Author Topic: Is the earth round or flat according to the Quran  (Read 7441 times)


« on: August 30, 2013, 06:01:52 PM »
Assalamualykum I recently came across this comment about if the quran claims the earth is flat or round. It is by far the best rebuttal to the anti-islamic polemicists.


"In addition to 18:86, they claim that 71:19, which says that God made the earth an expanse (wallahu ja'ala lakumu l-arda bisatan), implies a flat earth. However, the word bisatan means expanse, not flat. They apparently were asleep in kindergarten when the teacher went over shapes and sizes. Flat is a shape. Expansive is a size. For example, a piece of paper is flat, but not expansive. The earth is expansive, but not flat. They make the same mistake in translating and interpreting 51:48, which says that God made the earth expansive (farashnaha).

Curiously, they even cite 79:30 as evidence that the Quran says the earth is flat, even though it says the exact opposite (that the earth is shperical). 79:30 says, according to them, "and the earth, after that, He flattened it, and/or, and the earth, after that, He made it flat" (wa l-arda ba'da dhalika dahaha). They claim the word daha comes from the root for an Arabian ostrich's nest (madahy). According to them, the (now extinct) Arabian ostrich would flatten the ground before it layed it's eggs. Thus, they claim that dahaha means that He (God) flattened the earth like an Arabian ostrich flattens the ground before laying its eggs. However, the linguist, Prof. Martha Schulte-Nafeh, points out in her translation that the word daha also comes from the same root for the ostrich egg itself (dahyah). She points out that in the Libyan dialect, they still sometimes use the word dahyah for egg in addition to the more frequently used word baydah. Thus, she translates dahaha as "He made it egg-shaped". Now, take a look at this painting of an Arabian ostrich's nest from al-Jahiz's 9th century book on animals, "kitab al-hayawan":

http://en.wikipedia.org/wiki/Arabian_Ostrich

Does the nest (madahy) look "flat" to you? The eggs (dahy) do look spherical to me, though. In addition to implying that the earth is spherical like an ostrich's egg, when the Quran talks about the night following the day and the day following the night in 39:5, it uses the verb yukawiru. Yukawiru comes from the KWR root, which means to roll or become round/spherical. The Arabic word for sphere, kurah, is derived from the same root.

As for the notion that "Muslim apologists" only recently started interpreting the Quran as saying the earth is round, the 9th century Quran commentator al-Jubba'i interpreted it this way in his now lost commentary. The 11th century scholar, ibn Hazm, interpreted it this way in his book "al-fisal fi l-milal wa l-nihal". And The 12th centery Quran commentator, ar-Razi, also interpreted it this way.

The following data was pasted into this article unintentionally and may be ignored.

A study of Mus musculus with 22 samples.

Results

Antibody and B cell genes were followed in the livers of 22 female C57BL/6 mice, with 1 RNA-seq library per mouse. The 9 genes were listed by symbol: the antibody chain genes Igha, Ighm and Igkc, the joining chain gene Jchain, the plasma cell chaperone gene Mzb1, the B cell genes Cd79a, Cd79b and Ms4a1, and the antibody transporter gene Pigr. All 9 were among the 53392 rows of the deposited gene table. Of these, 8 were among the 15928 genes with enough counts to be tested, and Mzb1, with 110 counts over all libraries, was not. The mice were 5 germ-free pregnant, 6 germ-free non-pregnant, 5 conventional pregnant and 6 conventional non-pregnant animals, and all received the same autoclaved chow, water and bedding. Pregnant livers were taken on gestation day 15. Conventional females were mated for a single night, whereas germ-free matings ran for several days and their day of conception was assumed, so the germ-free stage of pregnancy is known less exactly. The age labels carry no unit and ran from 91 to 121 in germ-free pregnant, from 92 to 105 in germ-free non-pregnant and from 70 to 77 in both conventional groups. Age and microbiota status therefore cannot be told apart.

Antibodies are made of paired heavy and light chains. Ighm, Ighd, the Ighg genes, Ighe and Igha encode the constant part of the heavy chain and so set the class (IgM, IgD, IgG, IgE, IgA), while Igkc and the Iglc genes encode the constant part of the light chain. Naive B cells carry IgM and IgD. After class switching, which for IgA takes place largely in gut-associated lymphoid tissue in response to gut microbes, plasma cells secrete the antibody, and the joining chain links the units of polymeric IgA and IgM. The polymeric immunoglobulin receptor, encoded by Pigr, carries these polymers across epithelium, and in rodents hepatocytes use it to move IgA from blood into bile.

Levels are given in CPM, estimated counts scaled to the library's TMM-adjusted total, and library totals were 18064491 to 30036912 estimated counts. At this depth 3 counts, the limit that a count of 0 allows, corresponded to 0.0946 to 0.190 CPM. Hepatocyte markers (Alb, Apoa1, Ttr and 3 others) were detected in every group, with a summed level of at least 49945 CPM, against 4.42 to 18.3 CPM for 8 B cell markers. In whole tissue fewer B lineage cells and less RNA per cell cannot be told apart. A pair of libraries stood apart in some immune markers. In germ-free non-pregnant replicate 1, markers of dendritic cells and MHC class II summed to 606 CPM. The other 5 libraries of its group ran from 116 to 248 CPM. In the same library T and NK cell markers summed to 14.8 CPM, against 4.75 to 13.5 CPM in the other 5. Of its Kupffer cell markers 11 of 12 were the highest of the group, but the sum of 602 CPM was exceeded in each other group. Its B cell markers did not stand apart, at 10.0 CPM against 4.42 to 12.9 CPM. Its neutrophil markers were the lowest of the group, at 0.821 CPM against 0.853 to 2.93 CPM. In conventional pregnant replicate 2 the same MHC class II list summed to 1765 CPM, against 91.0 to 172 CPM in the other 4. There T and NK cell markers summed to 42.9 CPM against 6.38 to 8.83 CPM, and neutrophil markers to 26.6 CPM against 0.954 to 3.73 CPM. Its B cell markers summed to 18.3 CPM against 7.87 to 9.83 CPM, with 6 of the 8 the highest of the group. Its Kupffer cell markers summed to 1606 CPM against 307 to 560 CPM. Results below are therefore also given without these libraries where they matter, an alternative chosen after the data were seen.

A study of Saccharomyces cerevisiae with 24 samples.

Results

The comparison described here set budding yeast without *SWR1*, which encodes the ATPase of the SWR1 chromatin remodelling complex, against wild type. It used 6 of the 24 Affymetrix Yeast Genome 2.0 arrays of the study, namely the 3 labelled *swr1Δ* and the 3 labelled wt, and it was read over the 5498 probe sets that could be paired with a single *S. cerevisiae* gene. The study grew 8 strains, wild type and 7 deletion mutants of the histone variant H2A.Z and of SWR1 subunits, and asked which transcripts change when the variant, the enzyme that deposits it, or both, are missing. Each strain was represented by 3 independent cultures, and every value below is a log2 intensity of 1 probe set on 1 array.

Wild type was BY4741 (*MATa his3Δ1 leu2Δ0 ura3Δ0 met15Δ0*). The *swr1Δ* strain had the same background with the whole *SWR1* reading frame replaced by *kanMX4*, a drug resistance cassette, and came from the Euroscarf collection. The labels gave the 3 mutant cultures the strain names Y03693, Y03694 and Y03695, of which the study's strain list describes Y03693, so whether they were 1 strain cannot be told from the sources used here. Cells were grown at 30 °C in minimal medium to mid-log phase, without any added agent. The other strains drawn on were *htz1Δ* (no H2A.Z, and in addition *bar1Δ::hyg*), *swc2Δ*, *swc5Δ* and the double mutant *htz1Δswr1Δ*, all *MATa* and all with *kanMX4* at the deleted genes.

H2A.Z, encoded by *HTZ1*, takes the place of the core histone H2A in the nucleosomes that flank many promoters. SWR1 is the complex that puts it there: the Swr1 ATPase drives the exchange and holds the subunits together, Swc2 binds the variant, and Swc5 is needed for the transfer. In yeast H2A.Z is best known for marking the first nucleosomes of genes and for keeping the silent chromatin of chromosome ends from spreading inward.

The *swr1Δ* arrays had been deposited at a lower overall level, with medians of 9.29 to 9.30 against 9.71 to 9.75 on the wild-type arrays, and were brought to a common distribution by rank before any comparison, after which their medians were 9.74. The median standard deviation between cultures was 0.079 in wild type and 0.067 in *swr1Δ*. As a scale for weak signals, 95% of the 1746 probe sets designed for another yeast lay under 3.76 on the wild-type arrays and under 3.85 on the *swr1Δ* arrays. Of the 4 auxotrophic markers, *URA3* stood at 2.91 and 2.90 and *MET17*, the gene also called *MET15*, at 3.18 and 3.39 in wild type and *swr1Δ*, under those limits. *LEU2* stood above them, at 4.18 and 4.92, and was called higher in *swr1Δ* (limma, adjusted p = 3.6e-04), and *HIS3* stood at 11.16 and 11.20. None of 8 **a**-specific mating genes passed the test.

In addition to the aforementioned Muslim scholars, other Muslim scholars also believed the earth was ROUND:

"Muslim scholars who held to the round Earth theory used it for a quintessentially Islamic purpose: to calculate the distance and direction from any given point on the Earth to Makkah (Mecca).[56] This determined the Qibla, or Muslim direction of prayer.

"A terrestrial globe (Kura-i-ard) was among the presents sent by the Persian Muslim astronomer Jamal-al-Din to Kubla Khan in 1267. It was made of wood on which "seven parts of water are represented in green, three parts of land in white, with rivers, lakes etc."[57] Ho Peng Yoke remarks that "it did not seem to have any general appeal to the Chinese in those days"."

http://en.wikipedia.org/wiki/S...

Because Muslim scholars had to calculate the qibla on a ROUND earth, they practically invented spherical geometry:

"Muslims, according to Carra de Vaux, were "unquestionably the inventors of plane and spherical geometry, which did not, strictly speaking, exist among the Greeks".[2] The book of unknown arcs of a sphere written by Islamic mathematician Al-Jayyani is considered to be the first treatise on spherical trigonometry. The book contains formulae for right-handed triangles, the general law of sines, and the solution of a spherical triangle by means of the polar triangle.[3]

"The book On Triangles by Regiomontanus, written around 1463, is the first pure trigonometrical work in Europe. However, Gerolamo Cardano noted a century later that much of the material there on spherical trigonometry was taken from the twelfth-century work of the Spanish Islamic scholar Jabir ibn Aflah."

http://en.wikipedia.org/wiki/Spherical_Earth#Islamic_world

I should also point out that the Muslim scholar, al-Biruni, calculated the circumference of the ROUND earth in the 11th century. And the Muslim scholar, Ali Qushji, asserted that this ROUND earth was rotating in the 15th century. And here's a painting of Ottoman Muslim scholars studying a ROUND earth in the 16th century:
http://upload.wikimedia.org/wikipedia/commons/f/f4/Taqi_al_din.jpg

All of this was centuries before they claim modern "Muslim apologists" began saying that the Quran says the earth is round. This is by no means exhaustive treatment of this subject. It's just what I recall off the top of my head from my study of this subject."

Offline ThatMuslimGuy

« Reply #1 on: September 02, 2013, 04:15:13 AM »
AsalamuAlaikum,

Mash'Allah thankyou for sharing Akhi!

Offline abdullah

« Reply #2 on: September 03, 2013, 02:16:32 AM »
Assalamualykum
No problem Akhi, I think we need we need more articles like these: well researched, well written, and concise.